Tina Seamonster's GRUMP Holiday Market tells a tale of heart-warming zombie Christmas cheer
In a city rapidly filling with artisans whose life stories could easily be called "the most heart-warming tale you've ever heard," local craftswoman and mother of twins Tina Henry must be added to the conversation. Her GRUMP Holiday Market on December 10th at Capitol Hill's American Legion Hall? An attempt with co-organizer Beth Baldwin and 20 Crafty Bastards market regulars to continue in her expectation of bringing a unique twist to holiday cheer.
Tina creates merchandise under the Tina Seamonster brand name, her line a blend of her grandfather "hand making hundreds of items with no real concern for what he would do with the end result," along with a celebration of her DC DIY punk roots and tongue-in-cheek-inspiration of the flesh eating variety.
"The zombies? I think that they represent a manageable fear of death. If you have a zombie plan, you will be a-okay" says Henry. She continues, "The thing about my products is that they are funny, not ugly or gory. So, they are easy to relate to and give as gifts. My first zombie products were about subverting Christmas. I designed some zombie Xmas cards that said, "This time next year, you will be fighting the zombie plague, so enjoy the holidays while you can." They were my "f**k you" to Christmas. People loved them! I was so surprised. This led to zombie t-shirts, magnets, bookmarks and everything."
Henry's DIY success has led to her merchandise being placed in national chain retailer Books-A-Million. The process nearly represented a breaking point, but ended up telling a story that relates the distinctive uniqueness of her brand. "About three years ago, (Books-A-Million) contacted me about my zombie bookmarks. They product tested a first batch in their 225 stores and then ordered a first batch of 7,000. After about 6 months, they asked me to convert the designs to fridge magnets. I had no idea how to do this, but told them I did. We priced them out to get them made in China, but instead decided to buy the machines to make them at home. That first order of magnets was for 5000! I made them all by hand in a 3 week frenzy. It was hard. I cried. I bruised my arms. I was up all night for days counting magnets. But it was just like how I saw my grandfather do it when I was a kid, it was the right way to do it. The connection because the customers and I is important. They see that I am a real person and they keep coming back for more products. It inspires people that their silly ideas could turn into products and revenue. It is all positive. Am I tired of making these things by hand? Yes! Will I change it? Nope."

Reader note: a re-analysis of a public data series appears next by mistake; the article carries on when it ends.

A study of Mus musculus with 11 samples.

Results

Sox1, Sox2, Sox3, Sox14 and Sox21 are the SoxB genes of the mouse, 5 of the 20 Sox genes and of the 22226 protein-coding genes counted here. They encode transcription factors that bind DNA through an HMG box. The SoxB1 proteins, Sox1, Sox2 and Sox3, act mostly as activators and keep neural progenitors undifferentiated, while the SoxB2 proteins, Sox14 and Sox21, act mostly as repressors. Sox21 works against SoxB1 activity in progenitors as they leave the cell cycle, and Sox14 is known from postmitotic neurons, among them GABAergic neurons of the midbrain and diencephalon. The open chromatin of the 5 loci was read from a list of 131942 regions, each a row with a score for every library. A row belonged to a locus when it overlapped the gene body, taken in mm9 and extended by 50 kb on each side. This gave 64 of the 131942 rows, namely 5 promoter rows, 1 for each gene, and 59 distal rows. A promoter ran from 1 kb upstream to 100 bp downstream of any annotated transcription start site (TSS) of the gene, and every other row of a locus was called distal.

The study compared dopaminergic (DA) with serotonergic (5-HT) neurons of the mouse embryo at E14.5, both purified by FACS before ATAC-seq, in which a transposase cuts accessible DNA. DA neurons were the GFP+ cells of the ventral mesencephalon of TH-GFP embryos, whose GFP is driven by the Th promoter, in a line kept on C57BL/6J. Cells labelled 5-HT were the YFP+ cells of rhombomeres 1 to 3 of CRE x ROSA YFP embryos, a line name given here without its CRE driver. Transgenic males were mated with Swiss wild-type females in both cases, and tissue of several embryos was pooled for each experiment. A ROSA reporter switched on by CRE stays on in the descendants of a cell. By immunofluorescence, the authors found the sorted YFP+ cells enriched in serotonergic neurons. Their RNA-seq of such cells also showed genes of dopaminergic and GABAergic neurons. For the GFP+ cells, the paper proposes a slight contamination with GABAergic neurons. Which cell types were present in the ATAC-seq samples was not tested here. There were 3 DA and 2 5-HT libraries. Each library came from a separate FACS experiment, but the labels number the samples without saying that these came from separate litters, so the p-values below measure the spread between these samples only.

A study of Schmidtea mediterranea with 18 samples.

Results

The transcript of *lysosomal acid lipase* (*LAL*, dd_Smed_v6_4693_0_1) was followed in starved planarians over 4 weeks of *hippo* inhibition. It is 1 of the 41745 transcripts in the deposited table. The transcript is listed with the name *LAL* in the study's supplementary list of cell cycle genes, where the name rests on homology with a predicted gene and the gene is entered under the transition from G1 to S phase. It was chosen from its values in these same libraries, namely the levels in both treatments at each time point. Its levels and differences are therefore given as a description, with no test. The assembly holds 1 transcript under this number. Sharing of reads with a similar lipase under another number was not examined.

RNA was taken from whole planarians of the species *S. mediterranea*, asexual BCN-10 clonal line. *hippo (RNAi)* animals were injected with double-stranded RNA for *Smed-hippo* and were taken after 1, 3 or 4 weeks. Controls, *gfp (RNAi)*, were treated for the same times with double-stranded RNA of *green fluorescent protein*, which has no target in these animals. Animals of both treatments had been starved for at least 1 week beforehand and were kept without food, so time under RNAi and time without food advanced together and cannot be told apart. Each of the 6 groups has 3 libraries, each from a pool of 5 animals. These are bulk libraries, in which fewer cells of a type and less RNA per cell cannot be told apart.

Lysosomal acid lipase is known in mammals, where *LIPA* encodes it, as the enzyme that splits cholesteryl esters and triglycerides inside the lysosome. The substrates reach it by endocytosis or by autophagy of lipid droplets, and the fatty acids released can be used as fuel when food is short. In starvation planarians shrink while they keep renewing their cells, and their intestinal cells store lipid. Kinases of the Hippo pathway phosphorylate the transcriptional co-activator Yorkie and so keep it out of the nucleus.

Also a mother of twins, the focused yet irreverent artisan finds the balance of time and having children who appreciate her work to be important. "My kids hate zombies! They are so sick of seeing them all over the house," Tina jokes. However, she continues, "I do think they are product of the work I do, though, I hear them tell people at school that their mama makes stuff for a living."
Finding one's life motivation and excelling at it is a true blessing. Though likely years away, Henry already jokingly sees retirement in her future. "(Henry's twins) have their own little creative spirit, too. (Her daughter) Rachel recently designed a bookmark about zombie princesses that we are going to put into production. In the past, I have let them model and take product photos. I hope that by the time they are 12, they can run the business for me."
For more information on merchandise, visit Tinaseamonster.com. For more information on GRUMP, visit ilovegrump.com.